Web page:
Adventures in Vuria and the Skull Cave

On Thursday morning we prepared ourselves for an ‘easy’ hike to Vuria, the highest peak in Taita Hills.

Thick fog surrounded us as we started hiking

One of the lovely staff members who was supposed to guide us through the forest, unfortunately couldn’t join us and thus students’ task for the day was to help navigating through the forest to the top.

Map of our route

Our route went through forest and cropland around Vuria Hill to the 2257 meters high peak. Forest in Vuria is gazetted which means it is formally conserved forest managed by Kenya Forest Service. However, it is not a national park as Ngangao forest and thus is not as highly conserved.

Elevation profile of our route to the top of Vuria and down to the Skull Caves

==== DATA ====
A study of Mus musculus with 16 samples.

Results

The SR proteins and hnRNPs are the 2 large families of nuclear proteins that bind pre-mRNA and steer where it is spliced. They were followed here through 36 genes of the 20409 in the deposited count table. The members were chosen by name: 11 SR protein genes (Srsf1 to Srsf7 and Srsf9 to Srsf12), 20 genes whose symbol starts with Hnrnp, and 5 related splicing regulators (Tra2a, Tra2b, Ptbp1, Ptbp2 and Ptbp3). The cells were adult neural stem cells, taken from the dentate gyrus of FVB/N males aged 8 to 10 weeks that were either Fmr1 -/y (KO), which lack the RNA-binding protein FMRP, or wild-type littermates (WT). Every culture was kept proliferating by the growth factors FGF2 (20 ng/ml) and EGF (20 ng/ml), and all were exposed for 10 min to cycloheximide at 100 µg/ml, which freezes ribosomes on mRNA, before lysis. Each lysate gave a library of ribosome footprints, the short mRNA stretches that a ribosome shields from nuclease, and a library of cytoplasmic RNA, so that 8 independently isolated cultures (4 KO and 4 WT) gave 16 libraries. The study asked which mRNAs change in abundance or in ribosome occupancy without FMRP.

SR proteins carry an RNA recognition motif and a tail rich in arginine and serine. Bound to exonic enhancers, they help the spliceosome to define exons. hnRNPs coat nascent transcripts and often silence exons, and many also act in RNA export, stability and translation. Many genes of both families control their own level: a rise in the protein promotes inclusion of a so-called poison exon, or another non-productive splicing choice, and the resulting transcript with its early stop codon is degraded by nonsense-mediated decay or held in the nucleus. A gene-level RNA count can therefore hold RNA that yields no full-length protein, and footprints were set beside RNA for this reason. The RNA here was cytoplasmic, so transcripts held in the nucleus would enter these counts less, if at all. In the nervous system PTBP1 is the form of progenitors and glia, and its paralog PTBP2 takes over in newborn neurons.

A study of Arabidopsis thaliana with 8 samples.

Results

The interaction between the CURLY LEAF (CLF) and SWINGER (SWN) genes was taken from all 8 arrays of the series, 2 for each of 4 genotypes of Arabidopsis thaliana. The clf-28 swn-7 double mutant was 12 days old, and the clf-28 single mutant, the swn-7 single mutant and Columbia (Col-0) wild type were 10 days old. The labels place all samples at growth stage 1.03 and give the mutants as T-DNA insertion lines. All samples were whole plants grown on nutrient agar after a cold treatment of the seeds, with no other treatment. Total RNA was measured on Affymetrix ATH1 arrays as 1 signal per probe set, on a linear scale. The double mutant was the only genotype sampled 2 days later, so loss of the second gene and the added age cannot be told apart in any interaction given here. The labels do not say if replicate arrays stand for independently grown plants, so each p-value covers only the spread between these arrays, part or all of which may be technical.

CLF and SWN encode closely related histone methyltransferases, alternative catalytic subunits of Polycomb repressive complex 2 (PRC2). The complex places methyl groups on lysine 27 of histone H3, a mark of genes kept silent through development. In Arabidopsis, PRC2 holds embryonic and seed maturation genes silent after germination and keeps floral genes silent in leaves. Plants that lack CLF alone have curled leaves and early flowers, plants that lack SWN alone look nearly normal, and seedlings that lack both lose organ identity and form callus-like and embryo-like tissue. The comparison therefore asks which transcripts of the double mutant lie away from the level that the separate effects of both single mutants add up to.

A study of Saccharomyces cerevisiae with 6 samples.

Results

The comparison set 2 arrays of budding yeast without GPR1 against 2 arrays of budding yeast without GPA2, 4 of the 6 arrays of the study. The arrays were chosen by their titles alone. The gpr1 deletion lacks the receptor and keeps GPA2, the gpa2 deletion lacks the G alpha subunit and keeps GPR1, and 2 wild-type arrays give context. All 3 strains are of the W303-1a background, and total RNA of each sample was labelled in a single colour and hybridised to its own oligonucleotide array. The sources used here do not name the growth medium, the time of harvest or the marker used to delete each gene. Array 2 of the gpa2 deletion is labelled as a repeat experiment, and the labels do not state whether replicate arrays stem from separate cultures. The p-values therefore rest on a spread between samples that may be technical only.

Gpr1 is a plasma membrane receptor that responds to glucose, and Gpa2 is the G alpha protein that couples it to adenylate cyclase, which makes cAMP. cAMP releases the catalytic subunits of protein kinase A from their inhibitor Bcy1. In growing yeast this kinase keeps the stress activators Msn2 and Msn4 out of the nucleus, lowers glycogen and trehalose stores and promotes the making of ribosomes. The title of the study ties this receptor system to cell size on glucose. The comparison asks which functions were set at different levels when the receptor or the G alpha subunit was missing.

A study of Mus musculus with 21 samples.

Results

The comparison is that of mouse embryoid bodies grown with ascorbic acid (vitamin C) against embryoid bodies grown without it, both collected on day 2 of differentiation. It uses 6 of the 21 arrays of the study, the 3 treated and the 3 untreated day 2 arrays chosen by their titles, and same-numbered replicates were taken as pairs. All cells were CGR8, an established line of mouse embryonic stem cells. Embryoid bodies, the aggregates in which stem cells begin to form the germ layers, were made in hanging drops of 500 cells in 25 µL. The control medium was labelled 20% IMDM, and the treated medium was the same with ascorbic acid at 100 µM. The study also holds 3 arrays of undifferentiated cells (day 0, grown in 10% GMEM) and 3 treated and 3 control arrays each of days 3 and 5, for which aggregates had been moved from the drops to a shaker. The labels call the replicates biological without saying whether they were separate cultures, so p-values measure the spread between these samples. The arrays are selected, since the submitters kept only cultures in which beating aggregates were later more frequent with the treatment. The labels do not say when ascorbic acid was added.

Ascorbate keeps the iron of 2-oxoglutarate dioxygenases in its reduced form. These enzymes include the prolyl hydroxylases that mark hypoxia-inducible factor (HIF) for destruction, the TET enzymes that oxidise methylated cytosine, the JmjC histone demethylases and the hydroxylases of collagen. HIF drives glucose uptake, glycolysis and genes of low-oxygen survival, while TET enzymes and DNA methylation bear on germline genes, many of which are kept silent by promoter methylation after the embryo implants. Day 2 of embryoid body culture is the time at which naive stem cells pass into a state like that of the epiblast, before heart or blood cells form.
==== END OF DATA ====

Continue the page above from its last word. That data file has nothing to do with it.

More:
A few Finns at the front decided to take the ‘shorter and steeper’ path, ignoring the advises of our local companion, and it didn’t take long after we noticed that part of the group has already got lost in the forest. Luckily the mobile signal from the tower on the top was strong and soon we managed to get the group together. Using Prof. Pellikka’s umbrella as a machete we managed to get through the jungle. Suddenly the fog disappeared and we found ourselves above the clouds, looking down to surrounding idyllic African savanna opening below the moving clouds.

Our adventure continued in more cultural way, as we visited Taita peoples’ sacred site, the Skull Cave. We were honored to have the opportunity to visit the cave and to take part in rituals and a feast after the visit. Our evening with Taita people continued in cheerful party where Prof. Pellikka and some other students joined in the traditional dances.